Greylock’s Reid Hoffman and Josh Elman Hold Court at Disrupt SF 2016
Not surprisingly, self-driving technology is front and center. “It’s clear that the self-driving revolution is upon us,” said Hoffman, who pointed to exciting opportunities on both the provider and creator sides. But with both legacy car companies and technology giants slugging it out for domination, Hoffman emphasized that competition will be ferocious. For Greylock, he said, it all comes down to the “uniqueness of talents and the uniqueness of technologies.”
Bucking the widespread Silicon Valley meme that “mobile is dead,” one of Greylock’s key premises is that mobile is alive and well. In fact, the VC firm has invested in fast-growing mobile app startups like Musical.ly, a video-based social network app that
has more than 100 million users and claimed first place in the iOS app store in 20 countries. Pointing to the success of Pokémon GO, Elman pointed out that mobile apps still have great potential to help people connect with each other in thus far unimagined ways. He said the use of augmented reality technology is going to result in “a bunch of transformative stuff” that gets people out of their seats and prompts them to explore the world around them. “I’m really excited about what’s gonna come there,” he said.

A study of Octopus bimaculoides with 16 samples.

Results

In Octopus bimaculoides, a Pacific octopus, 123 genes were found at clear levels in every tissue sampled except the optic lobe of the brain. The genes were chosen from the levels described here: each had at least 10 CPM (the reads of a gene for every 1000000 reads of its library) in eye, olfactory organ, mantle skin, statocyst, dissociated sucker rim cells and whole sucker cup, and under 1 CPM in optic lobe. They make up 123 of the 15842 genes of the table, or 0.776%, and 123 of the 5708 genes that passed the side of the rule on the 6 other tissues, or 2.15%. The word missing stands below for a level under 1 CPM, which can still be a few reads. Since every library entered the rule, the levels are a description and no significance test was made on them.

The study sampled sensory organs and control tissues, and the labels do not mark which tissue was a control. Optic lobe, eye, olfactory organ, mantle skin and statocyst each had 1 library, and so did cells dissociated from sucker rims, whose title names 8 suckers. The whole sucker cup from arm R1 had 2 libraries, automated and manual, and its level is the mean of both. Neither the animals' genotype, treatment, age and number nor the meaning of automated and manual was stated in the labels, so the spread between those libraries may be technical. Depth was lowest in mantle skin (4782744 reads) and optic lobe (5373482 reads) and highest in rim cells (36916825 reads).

Like virtually everyone else in Silicon Valley at the moment, both Hoffman and Elman expressed deep enthusiasm about the potential of artificial intelligence. Greylock has already made several investments in AI startups, including Ozlo, an AI assistant that helps users find information on their phones, and Operator, a personal shopping app powered by a conversational AI interface. Matthew Panzarino, editor-in-chief of TechCrunch, asked whether small, scrappy startups will be able to compete against big players like Amazon that are aggressively pushing ahead AI innovation. To this, Elman said he is a strong believer in “lean” AI technologies that solve very specific category problems.
Elman emphasized that it is all about creating unique interfaces and experiences that truly make a difference in people’s lives — not just about having access to great technologies. As the first product manager of LinkedIn, which was co-founded by Hoffman, Elman pointed to LinkedIn and Facebook as great models. At their inception, both social networking companies depended minimally on science; rather, they aimed to help people connect with each other in new ways. Over the years, they’ve grown into leading technology companies that stand to challenge incumbents like Google and Microsoft, the latter of which ultimately acquired LinkedIn.
This is probably a great lesson for every startup participant at Disrupt SF 2016 — perhaps the main lesson from most Disrupt conferences. Solve an important problem. Create a unique experience. Attract users. Grow and prosper.